I am not a Wagnerian. I have played the odd prelude or overture with amateur orchestras: I am well aware that that doesn’t count. (It also gave me an abiding, myopic dislike of Wagner’s scoring for oboe.) I have seen one production of Wagner – Lohengrin at Covent Garden, many years ago: that doesn’t really count, either. Clearly, I am a long way outside the charmed and passionate circle of Wagner obsessives. But we are hosting Sir John Tomlinson at CRASSH this week. Ten unbroken years (1988-98) as Wotan at Bayreuth: this is an achievement to impress even the ignorant. So I went to hear Sir John yesterday, but in a spirit of curiosity, rather than of hero-worship.
I left in a spirit of hero-worship.
Even in the conversation that opened the event, Sir John’s utter absorption in the role of Wotan was evident: the detail with which he approached it, the precision of his grasp of the drama. But the revelation came – as surely it should – in the singing. Sir John had put together for us a sequence of key passages taking us through the arc of Wotan’s development in the course of the Ring. (The piano accompaniment was played with total commitment by Jâms Coleman.) We followed Wotan from majesty through anxiety and doubt and the grief of abandonment to his hopeful repose as he resigns the future to Siegfried. And when I say ‘followed’, we were truly with him. Each musical episode was flawless, emotionally distinct, totally involving.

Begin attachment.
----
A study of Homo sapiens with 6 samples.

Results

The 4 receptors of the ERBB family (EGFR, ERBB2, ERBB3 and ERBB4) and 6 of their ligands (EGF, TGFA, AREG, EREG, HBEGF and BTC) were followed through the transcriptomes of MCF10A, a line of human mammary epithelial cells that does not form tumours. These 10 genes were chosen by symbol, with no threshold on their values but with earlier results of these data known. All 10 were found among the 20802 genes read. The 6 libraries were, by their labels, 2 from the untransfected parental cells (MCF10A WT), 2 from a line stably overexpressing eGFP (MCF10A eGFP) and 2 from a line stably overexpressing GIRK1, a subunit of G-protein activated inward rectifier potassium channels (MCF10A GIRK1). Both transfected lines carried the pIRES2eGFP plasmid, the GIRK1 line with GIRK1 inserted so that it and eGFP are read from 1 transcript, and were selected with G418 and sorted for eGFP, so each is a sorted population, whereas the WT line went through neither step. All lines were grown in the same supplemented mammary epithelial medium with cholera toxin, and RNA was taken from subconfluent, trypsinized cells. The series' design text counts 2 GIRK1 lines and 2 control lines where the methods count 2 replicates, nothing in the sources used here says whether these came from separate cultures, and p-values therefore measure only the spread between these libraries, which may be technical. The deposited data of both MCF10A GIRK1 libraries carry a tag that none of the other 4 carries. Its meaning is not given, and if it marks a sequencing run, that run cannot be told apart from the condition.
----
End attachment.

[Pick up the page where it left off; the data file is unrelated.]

Even amid such riches, there were for me two quite exceptional moments. The first was in an excerpt from Act 2, Scene 2 of Die Walküre. The mood is that of an anguished father: Wotan now has a mortal son whom – of course – he cannot control; he can only watch and hope as he relinquishes him to the world of free will. ‘Das and’re, das ich ersehne,/ das and’re erseh’ ich nie:/ denn selbst muß der Freie sich schaffen;/ Knechte erknet’ich mir nur.’ The complex mixture of pain and pride in Tomlinson’s voice distilled the mixed pain and pride of every parent: I was close to tears.
The other exceptional moment was in quite a different vein. It came from Siegfried, Act 3, at the very end of Scene 1. Wotan, as the Wanderer, is talking to ‘die unweise’ (or is it ‘Urweise’?), Erda. The tempo marking is ‘mäßig’, moderato; the mood is of serene joy, though the passage begins with an ascending orchestral scale in C minor, which underscores the struggle with which that joy has been achieved. Suddenly there is a clarion call of joy and hope utterly unalloyed: ‘dem herrlichsten Wälsung/ weis’ich mein Erbe nun an.’ It ends on a triumphant fortissimo in E flat major. It isn’t an open chord, but in that sudden flowering it feels like one. Tomlinson’s voice rang through the hall, and the piano was almost an orchestra.
Incidentally, that moment is followed by a beautiful passage for oboe. Another prejudice shattered.
In the question period, Sir John Tomlinson was asked how he prepared for a role. He said he listened to every performance he could – once, and only once. Otherwise, he said, his own interpretation would no longer be unique: it would inevitably take on some of the characteristics of others. (For the record, his favourite Wotan was Ferdinand Frantz; and even Frantz he had listened to only once.) How fortunate are we who are not preparing for a role. We can go to the great recording of Tomlinson at Bayreuth under Daniel Barenboim and listen to it again and again.